Officials from the Philippine Space Agency (PhilSA), the Department of Science and Technology (DOST), and the European Union (EU) launched today (24 April 2023) the Copernicus Capacity Support Action Programme for the Philippines (CopPhil) worth approximately Php 610 million or €10 million.

The first space cooperation programme in the region, this new initiative will help Philippine authorities develop national systems to make use of EU’s earth observation’s satellites data in the country’s disaster mitigation and climate change adaptation and food security strategies.

The EU's earth observation flagship programme, Copernicus provides free environment and climate data derived from a constellation of satellites –the Sentinels- which monitor the earth and its many ecosystems 24-hours daily. This free information aims to help public authorities, businesses, and international organisations mitigate climate change impacts and build a sustainable future for all. 

Data from Sentinel-1, -2, and –5p, can be used in applications in flood, oil spill, ship, and volcanic emission monitoring; mapping of canopy height, crops, land cover, and air and water quality. For example, PhilSA has provided Copernicus Sentinel data to the Department of Agriculture on road network monitoring, movement of goods, and other data sets for land cover and hazard mapping, ship detection, topography changes, etc. 

In the Philippines, Copernicus’ satellite images have already helped authorities monitor the situation of remote communities in the aftermath of typhoons such as Odette or accidents like an oil spill to help authorities plan their disaster preparedness plans and mitigation programmes.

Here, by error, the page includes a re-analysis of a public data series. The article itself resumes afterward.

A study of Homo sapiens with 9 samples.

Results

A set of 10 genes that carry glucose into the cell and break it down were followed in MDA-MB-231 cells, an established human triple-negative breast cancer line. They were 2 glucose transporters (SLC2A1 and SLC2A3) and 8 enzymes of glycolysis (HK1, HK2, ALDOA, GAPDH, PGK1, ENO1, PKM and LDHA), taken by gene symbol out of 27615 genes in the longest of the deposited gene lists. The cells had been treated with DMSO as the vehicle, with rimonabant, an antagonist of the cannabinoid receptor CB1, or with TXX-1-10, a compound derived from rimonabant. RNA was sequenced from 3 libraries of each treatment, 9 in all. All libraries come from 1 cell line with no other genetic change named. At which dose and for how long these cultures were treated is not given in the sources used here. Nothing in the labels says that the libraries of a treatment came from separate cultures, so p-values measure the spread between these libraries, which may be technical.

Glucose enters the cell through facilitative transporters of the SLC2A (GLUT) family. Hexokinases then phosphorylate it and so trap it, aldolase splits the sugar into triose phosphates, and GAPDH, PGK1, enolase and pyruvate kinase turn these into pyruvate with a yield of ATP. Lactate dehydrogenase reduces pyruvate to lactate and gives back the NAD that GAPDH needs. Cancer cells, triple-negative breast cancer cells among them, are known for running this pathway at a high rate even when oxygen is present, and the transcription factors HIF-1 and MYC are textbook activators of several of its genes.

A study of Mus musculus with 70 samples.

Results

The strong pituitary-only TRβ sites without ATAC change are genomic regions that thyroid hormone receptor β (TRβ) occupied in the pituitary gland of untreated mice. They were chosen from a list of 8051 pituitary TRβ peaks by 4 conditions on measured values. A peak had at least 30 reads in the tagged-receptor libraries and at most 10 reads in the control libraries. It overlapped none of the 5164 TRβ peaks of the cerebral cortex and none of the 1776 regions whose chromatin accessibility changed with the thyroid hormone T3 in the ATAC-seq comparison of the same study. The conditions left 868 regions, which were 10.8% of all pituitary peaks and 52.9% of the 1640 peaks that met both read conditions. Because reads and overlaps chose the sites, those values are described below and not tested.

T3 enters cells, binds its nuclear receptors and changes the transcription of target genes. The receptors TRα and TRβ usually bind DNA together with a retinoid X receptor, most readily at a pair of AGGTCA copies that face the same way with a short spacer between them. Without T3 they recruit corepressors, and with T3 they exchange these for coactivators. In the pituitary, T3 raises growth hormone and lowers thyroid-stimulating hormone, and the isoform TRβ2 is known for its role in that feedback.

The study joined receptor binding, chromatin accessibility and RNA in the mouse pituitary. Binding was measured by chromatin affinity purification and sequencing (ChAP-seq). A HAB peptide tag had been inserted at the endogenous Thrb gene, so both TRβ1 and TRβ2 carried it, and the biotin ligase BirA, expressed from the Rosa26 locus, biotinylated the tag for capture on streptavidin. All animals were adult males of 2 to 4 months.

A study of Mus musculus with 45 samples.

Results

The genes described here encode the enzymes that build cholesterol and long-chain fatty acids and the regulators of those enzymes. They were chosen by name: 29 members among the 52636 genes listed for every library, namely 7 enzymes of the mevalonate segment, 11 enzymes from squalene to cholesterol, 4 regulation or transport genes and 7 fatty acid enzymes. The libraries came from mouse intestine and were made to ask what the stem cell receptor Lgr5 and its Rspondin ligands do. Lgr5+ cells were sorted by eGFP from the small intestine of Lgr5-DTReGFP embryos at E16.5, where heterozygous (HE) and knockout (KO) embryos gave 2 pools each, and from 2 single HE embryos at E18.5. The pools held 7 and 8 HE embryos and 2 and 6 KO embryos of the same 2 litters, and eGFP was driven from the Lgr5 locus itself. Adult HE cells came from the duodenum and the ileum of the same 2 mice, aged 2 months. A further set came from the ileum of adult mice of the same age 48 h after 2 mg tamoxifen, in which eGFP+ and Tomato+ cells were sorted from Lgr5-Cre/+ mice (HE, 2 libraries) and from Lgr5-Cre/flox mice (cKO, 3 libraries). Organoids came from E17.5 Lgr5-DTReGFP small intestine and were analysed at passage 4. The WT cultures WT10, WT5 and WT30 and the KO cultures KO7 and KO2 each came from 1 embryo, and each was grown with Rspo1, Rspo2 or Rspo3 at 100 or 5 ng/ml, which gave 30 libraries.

In the long term the European Union is exploring the possibility to create a network of Copernicus partners in the ASEAN region aside from other parts of the world. The uptake of innovative technologies such as Copernicus will trigger growth, jobs and modernization of digital infrastructures that can be used in many sectors in the Philippines.

The Programme is coordinated and is managed by the European Commission.

It is implemented in partnership with the European Union Member States, the European Space Agency (ESA), the European Organization for the Exploitation of Meteorological Satellites (EUMETSAT), the European Centre for Medium-Range Weather Forecasts (ECMWF), EU Agencies and Mercator Océan.

The Copernicus Services deliver near-real-time data on a global level which can also be used for local and regional needs, to help us better understand our planet and sustainably manage the environment we live in.